A Dream for Warren

A Dream for Warren

Written by Mike Rogge

The rumors started as whispers in a bar. Red Bull was in town throwing a premiere for local athletes. I met up with an old colleague, a new hire at the energy drink company, for dinner with our families. This was right before the Christmas holiday. 

"Hey Rogge, did you hear?" the bartender asked. "No Warren Miller movie this year." 


"Yeah. They're going to make some kind of archival piece. No filmers. No athletes." 

Today the news came out that Warren Miller Entertainment, the company founded by the legendary filmmaker Warren Miller, is in fact not making an annual ski film. WME's parent company is Outside Inc. It should come as no surprise to anyone who reads our magazine that we've been critical of the stewardship of legendary titles by Outside Inc. (formerly Pocket Media). Publicly, they've made proclamations about the future of outdoor media only to fall flat on their faces by shuttering legacy titles and now, arguably, the most iconic action sports film company in history. Who can forget when they laid off a large percentage of their staff only to throw a tone-deaf party at Outdoor Retailer days later celebrating their NFT Outerverse? Naturally, of course, the market responded in kind and the Outerverse program was disbanded after another round of layoffs. 

Some will blame the economy and an impending recession but economists and folks much smarter than me are saying what we're actually seeing is a correction due to pandemic over hiring. Maybe CEO Robin Thurston just isn't that good at this stuff?

Economics and business tactics aside it sucks to see another legacy media property shuttered due to mismanagement. On a budget sheet Warren Miller Entertainment is likely a huge expenditure. Culturally, I'd argue, we're going to miss Warren Miller films a whole hell of a lot. You see, the Warren Miller tour was one of the biggest film tours going. Mr. Miller always planned it that way. His annual films got folks from cities in seats where they were transported to the mountains.

I first interviewed Mr. Miller fifteen years ago and again for ESPN. On both occasions our calls ran over the allotted time. Mr. Miller loved dreamers and entrepreneurship. He firmly believed if you could dream it you could achieve it. In no small way his encouragement about following one's dreams is why Mountain Gazette exists today. He inspired me. His words left a permanent impression on me. I plan to run a full transcript of our chats in an upcoming book. Above all, Mr. Miller told me, twice, "What's wrong with being guilty of dreaming?"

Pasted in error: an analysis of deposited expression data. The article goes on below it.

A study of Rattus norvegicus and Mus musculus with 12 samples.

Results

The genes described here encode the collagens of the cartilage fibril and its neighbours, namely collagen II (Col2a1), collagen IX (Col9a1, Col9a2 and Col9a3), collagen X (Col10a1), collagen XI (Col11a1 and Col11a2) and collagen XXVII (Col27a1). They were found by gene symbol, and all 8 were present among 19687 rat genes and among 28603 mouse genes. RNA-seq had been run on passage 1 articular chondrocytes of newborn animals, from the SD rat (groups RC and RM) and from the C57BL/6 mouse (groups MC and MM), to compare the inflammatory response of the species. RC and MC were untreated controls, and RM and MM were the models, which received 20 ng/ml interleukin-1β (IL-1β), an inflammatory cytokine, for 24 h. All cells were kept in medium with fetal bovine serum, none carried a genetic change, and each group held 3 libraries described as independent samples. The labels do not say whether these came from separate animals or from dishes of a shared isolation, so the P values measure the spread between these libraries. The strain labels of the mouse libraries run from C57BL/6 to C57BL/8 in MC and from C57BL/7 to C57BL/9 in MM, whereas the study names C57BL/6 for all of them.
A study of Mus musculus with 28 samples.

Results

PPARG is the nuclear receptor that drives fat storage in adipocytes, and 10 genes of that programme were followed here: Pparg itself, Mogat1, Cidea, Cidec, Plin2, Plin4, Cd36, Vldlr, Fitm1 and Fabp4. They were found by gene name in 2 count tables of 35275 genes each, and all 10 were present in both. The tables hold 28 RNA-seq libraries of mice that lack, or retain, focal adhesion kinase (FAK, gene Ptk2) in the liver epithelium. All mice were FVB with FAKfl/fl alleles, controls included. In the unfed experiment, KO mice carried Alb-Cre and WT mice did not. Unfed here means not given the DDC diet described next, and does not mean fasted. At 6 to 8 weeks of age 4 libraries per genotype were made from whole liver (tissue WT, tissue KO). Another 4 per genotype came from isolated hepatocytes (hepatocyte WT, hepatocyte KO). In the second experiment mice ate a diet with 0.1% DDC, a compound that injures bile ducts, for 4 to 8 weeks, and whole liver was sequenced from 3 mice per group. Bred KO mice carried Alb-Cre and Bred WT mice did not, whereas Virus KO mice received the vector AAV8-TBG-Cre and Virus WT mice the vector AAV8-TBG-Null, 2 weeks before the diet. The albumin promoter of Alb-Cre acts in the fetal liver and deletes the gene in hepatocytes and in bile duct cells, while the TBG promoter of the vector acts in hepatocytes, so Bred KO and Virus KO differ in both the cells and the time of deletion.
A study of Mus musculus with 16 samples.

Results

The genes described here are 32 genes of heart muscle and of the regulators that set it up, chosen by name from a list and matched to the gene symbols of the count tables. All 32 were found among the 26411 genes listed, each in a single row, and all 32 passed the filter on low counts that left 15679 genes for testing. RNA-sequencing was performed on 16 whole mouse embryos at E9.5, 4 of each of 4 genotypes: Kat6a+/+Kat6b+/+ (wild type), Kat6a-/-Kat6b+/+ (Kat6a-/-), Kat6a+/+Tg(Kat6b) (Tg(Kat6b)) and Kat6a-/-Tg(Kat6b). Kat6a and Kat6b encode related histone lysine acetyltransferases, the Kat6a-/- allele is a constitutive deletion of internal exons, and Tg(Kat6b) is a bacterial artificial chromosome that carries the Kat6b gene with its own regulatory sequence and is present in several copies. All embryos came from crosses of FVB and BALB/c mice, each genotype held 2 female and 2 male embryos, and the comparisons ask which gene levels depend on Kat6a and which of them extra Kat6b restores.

And that's where Warren Miller films fit into the mountain culture. "If you don't do it this year, you'll be one year older when you do." He wanted us to get off our couches, turn those dreams into reality, and go skiing. He inspired generations of talented filmmakers to pursue their own silver screen dreams. We can count the TGRs and MSPs of the world as being inspired by the early efforts of Warren Miller.

On top of that, the tour benefited countless non-profit organizations, became a gathering place for industry and public to mingle pre-season, and became a reliable way, as Jonny Moseley would narrate each year, that winter starts now. These decisions to cut, kill, or dramatically alter the outdoor media space are callous at best. In his memoir, Freedom Found, Mr. Miller demonstrated a determination and grit to run his business for decades. Outside Inc. barely was able to run it for a few years.  

After Powder closed their doors a former editor of mine said clearly the magazine was a mirror that reflected the culture. Just because the mirror goes away doesn't mean the culture does as well. Here at Mountain Gazette we're not going anywhere. We're going to continue holding up this mirror to show you the evolving, influential, and growing culture of mountain communities. Perhaps you don't live in the mountains. That's ok. I understand the mountains live in you. 

I look forward to seeing where the athletes and filmers land. Creators don't stop creating. If any of you need my help, please reach out. I'll help however I can. Above all, I hope we've learned a lesson that some businesses care about mountain communities. Others care about the balance sheet. It's too bad. Warren Miller, the visionary, used to be able to do both. Unfortunately this won't be the last of stories like this. 

Thankfully, there are a handful of indie magazines and, with luck, film companies growing out of the rubble. That's a testament that Warren's dream won't die alongside his annual film.